When you kiss your husband, does your dog try to get your attention? And does that mean that your dog feels jealous? Threatened? Or are we just imagining that?
Many if not all dog owners are sure that their pets have feelings. And we've known for a while that animals exhibit behaviors that look like jealousy, guilt and shame. But it's hard to find out what animals are really feeling. And researchers say that understanding that could give us valuable insights into human emotions, too.
A study published Wednesday in PLoS ONE has brought us a tiny bit closer to proving that dogs do get jealous. Psychologists from the University of California, San Diego adapted a test that has been used on human infants to see whether dogs exhibit jealous behavior.
They videotaped how 36 dogs reacted to their owners ignoring them and instead petting and talking sweetly to a plastic jack-o-lantern or an animated, stuffed dog. When their owners were interacting with the stuffed animals, over three-quarters of the dogs pushed or touched their owners. The dogs also tried to get in between the stuffed animal and the owners, or growled at the plush pets.
The dogs seemed less jealous of the jack-o-lantern. But 40 percent acted aggressive when their owners started talking to the plastic pumpkins.
Psychologist Christine Harris, who led the study, says she's been studying jealousy for many years — but in humans. "The motivation that you have when you're jealous is to really break up the liaison between your loved one and your rival," she told NPR.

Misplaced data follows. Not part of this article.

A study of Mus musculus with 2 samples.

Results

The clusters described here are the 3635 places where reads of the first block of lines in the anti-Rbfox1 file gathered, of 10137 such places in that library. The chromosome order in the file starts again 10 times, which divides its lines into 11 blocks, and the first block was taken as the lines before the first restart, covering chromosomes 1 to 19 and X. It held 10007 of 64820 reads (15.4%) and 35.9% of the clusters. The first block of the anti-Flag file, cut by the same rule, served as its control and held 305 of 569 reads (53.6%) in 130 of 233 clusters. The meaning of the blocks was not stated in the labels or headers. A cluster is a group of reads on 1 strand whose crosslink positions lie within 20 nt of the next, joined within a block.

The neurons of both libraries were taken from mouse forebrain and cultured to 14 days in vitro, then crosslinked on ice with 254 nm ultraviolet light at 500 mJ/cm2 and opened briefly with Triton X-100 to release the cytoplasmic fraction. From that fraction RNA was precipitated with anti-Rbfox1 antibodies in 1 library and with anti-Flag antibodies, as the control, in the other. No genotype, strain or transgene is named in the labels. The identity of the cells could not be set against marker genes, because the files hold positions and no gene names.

The fact that these dogs seemed like they were trying draw their owners away from the stuffed animal indicates that they're feeling something very similar to human jealousy, Harris says.
"This is really a landmark study," says Marc Bekoff, an emeritus professor of evolutionary biology at the University of Colorado in Boulder, and author of Why Dogs Hump and Bees Get Depressed. "It opens the door to a lot more research on animal emotion."
Bekoff, who wasn't involved in the research, says that he's definitely seen what looks like jealousy in his work with not only dogs but also coyotes and wolves. But this study is one of the first controlled experiment that tries to show it.
Of course, the study still doesn't prove that dogs feel jealousy. "The problem is that [the researchers] didn't look at how dogs would react just to those objects," says Laurie Santos, director of the Canine Cognition Center at Yale University.
It could be that the dogs were jealous of the stuffed animal, Santos says. Or it could be that the dogs really distrusted the stuffed animal and were acting out of fear.
But this study does build on previous research that shows dogs react negatively when they're treated unfairly, she tells NPR. "This is a very new science. We are just developing new tools to better understand animal emotions."
In humans, jealousy can be a very complex emotion, Santos says. It can bring up a host of other emotions like anger and rejection. And when humans feel jealous, we start suspecting and speculating, she says. "We think, 'If my husband is talking to another woman, maybe he's cheating.' "
If we find out that dogs feel the same way, she says, "either jealousy is less complicated because animals show it, or animals are more complicated than we thought."